I recently watched a talk show that focused on infidelity. One of the couples had some great insight and advice. The husband cheated. She seemed genuinely happy and at peace with her choice to stay. It took time and hard work to get there.

This woman’s advice to the betrayed is to opt out of anger. You have to replace the thoughts of who he was with who he is. Tell him who you see now, not who you saw. Focus on the positive. Stay in the present. Don’t be around miserable, bitter people. Surround yourself with people who strengthen you and tell you the truth. Most of what needs to happen to heal comes down to choice. Your husband needs to prove himself again, yes. He’s got alot of work to do. But ultimately you have to make the choice to move forward. To let go of the anger and resentment. To let love back in.Because without that choice, he can do absolutely everything and it won’t make a difference.

Her husband’s advice to the one who cheated is to look at yourself. Take responsibility. You can find a way to justify your affair but its really a shortcoming in yourself. Its YOUR insecurity. Its your insecurity that you turned into your spouse’s issue. Disloyal spouses have triggers. You use the trigger to justify your affair even though you know its wrong. You have to identify the trigger in yourself and face it. You went looking for a missing piece of your life. But you looked in the wrong place. You needed to look inside yourself. Inside your home. You can’t fix what’s wrong inside your home by going outside it.  You have betrayed and devastated someone you claim to love. Someone you were supposed to protect. You have work to do to make things right. You need to reaffirm her. Regularly. You need to consistently show her you are a new man. Create an atmosphere for both of you to thrive.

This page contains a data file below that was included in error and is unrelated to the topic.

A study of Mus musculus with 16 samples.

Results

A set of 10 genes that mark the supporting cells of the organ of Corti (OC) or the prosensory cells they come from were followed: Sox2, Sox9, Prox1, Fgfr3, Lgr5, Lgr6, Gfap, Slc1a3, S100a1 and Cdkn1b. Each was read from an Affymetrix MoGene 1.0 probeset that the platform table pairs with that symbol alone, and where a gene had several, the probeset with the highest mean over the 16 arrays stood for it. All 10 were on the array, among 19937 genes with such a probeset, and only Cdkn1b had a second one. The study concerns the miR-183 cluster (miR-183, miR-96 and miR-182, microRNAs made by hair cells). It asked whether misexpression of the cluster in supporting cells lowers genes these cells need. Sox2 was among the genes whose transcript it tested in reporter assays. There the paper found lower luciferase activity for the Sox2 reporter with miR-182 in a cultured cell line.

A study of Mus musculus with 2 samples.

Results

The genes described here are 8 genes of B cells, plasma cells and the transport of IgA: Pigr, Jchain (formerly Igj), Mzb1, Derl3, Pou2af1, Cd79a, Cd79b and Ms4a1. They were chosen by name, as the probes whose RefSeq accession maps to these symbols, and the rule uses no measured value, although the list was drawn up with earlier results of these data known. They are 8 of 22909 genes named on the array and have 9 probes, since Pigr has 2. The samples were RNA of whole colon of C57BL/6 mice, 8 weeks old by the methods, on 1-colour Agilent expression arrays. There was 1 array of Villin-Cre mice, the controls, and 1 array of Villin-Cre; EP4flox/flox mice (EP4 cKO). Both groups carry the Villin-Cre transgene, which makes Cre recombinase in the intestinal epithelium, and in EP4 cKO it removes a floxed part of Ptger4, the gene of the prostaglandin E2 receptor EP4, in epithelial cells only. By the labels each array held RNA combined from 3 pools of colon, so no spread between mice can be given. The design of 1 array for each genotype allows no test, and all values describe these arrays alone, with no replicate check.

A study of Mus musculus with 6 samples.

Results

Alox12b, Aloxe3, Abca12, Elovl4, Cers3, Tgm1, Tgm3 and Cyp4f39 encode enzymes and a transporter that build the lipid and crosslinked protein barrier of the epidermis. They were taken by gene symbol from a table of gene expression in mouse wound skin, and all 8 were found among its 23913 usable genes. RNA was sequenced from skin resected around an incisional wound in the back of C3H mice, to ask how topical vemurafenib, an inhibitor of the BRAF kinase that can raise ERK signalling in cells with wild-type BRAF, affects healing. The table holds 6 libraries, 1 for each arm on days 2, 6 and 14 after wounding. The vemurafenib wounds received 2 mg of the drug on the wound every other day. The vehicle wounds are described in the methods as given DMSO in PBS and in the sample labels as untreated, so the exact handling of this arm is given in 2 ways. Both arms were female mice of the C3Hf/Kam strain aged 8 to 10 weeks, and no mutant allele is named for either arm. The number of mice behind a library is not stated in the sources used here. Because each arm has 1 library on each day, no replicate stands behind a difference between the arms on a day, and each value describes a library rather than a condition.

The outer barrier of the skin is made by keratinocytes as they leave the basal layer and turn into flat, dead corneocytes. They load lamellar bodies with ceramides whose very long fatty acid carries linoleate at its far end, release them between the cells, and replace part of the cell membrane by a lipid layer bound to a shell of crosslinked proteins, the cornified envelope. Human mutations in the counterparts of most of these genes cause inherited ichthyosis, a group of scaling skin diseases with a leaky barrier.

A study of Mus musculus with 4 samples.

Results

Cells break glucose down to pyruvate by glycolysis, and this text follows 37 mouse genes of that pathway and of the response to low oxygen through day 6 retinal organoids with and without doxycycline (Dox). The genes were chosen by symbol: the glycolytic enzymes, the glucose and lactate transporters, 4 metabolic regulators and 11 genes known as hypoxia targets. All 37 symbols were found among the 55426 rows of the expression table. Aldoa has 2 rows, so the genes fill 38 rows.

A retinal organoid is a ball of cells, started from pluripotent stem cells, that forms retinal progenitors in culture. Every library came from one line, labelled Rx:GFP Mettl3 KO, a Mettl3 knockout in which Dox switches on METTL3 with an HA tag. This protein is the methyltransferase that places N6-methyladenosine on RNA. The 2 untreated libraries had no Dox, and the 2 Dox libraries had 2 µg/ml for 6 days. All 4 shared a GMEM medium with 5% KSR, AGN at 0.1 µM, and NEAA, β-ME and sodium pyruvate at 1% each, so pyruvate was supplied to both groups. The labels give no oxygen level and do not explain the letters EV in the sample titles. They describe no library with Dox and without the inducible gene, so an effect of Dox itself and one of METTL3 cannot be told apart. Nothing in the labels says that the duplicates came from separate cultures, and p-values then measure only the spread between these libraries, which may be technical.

On this show it was also stated that if everyone was held to their past and their mistakes we’d all be in trouble. I agree. I certainly would be. I have grown into who I am today. My successes and failures are a part of that. I’ve learned just as much from mistakes as I have what I got right.  To judge me based on how I used to act or something I did once, is unfair. I want him to focus on who I am today, not the mistakes I made years ago. So I must also do the same. However, I’ve first had to prove that I changed. He didn’t believe it or just take me at my word up front. I had to show through actions that I was different. He must also prove his growth and change to me.

As humans, we are capable of both good and bad things. It hurts like hell to be on the receiving end of the bad things. I do believe that, sometimes, normally good people simply fuck up. I also believe in redemption. Redemption is possible if they do their part to make amends and change.

While there is no definitive rule-book on healing from an affair (just don’t have one and you won’t need to do the work to repair the damage), there are steps that can be taken that facilitate healing. There are also actions -or lack of action- that further the damage, increase resentment and make healing more difficult and take longer. I found this article that highlights some great steps to take after an affair. I also found this article regarding rebuilding trust. They are like a road map to redemption and thus, healing.